Palestinians facing 'quiet' deportation

In two months' time, in a move likely to have more effect on the fate of Jerusalem than the building of a Jewish settlement at Har Homa, Israel will start a meticulous examination of the right of every Palestinian resident to remain in the city. Those who are not issued with the coveted Jerusalem identity card will have 15 days in which to leave.

In what a report by B'Tselem, the Israeli human-rights group, calls "a policy of quiet deportation of East Jerusalem's Palestinian residents", hundreds and perhaps thousands of people have already been forced to leave. Western consular officials in Jerusalem fear that as many as 120,000 out of 170,000, two thirds of the Palestinian population, could lose their right to live in the city.

So far the regulations have been mainly enforced when a Palestinian needs to renew an identity card, but the Israeli Interior Ministry says that between June and August all identity cards must be renewed.

As a result of the policy, which started early last year but which has been more harshly enforced since Benjamin Netanyahu became Prime Minister, many Palestinians born in Jerusalem have stopped registering their children. Su'ad Nimr, 32, who is the mother of three children, said: "I was born and raised in Jerusalem as was my husband. Four months ago they took away our identity cards. Now my husband cannot leave the house. We live in fear that he will be imprisoned."

Eliahu Abrams, a civil-rights lawyer, said: "It is a true crisis in human rights: Israel is forcibly getting rid of Palestinians not by pulling them out by their hair, but by quiet, slow, sophisticated deportation." The essence of the new policy is to force all Palestinians to give documentary proof - often twelve different documents - showing that they have always lived in the city.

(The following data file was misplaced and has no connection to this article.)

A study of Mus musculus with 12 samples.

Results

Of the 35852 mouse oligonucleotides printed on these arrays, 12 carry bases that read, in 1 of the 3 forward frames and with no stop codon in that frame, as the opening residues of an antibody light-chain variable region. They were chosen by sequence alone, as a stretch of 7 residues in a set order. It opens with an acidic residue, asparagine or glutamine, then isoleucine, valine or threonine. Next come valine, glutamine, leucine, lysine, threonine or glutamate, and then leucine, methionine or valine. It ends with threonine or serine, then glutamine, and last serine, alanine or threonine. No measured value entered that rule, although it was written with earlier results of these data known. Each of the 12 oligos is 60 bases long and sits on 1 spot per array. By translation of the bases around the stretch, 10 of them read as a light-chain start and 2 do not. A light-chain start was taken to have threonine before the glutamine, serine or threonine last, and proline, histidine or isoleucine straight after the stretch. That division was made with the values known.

Olga Matri Hana Yoaqim, 63, who has seven children, was born in Bethlehem but has lived in the city with her husband since 1952. "In September 1995 I went to replace my identity card at the Interior Ministry office in East Jerusalem," she said. The clerk cut up her old card and told her to come back in two weeks. When Mrs Yoaqim returned "the clerks told me: "You don't have an identity card. Go to the West Bank".

Her husband went back to the ministry 20 times but was refused. Mrs Yoaqim said: "I suffer from diabetes and have kidney problems. When I go to a clinic or hospital, they want to see my identity card. Because I have none, I can't receive treatment."

The Interior Ministry denies that it has a new policy, but says it is merely enforcing old regulations. Responding to the allegation that it has embarked on a policy of deportation, Tova Ellinson, the ministry spokesperson, said: "When permanent residents sever their connection with Israel - maintain their centre of life in another location... - their free choice causes the expiration of their permanent residency."

In fact, it is only recently that Palestinians who live in a Jerusalem suburb such as Ram or Abu Dhis have found that their "centre of life" has moved from the city as much as if they had moved to Dundee. B'Tselem, in its report, The Quiet Deportation: Revocation of Residency of East Jerusalem Palestinians, says: "Some 18 months ago, the Interior Ministry began to revoke the residency status of persons who moved outside the municipal borders of Jerusalem."

The change was retroactive and introduced without notice so it is only now that Palestinians are discovering if they have the right to live in the city where they were born.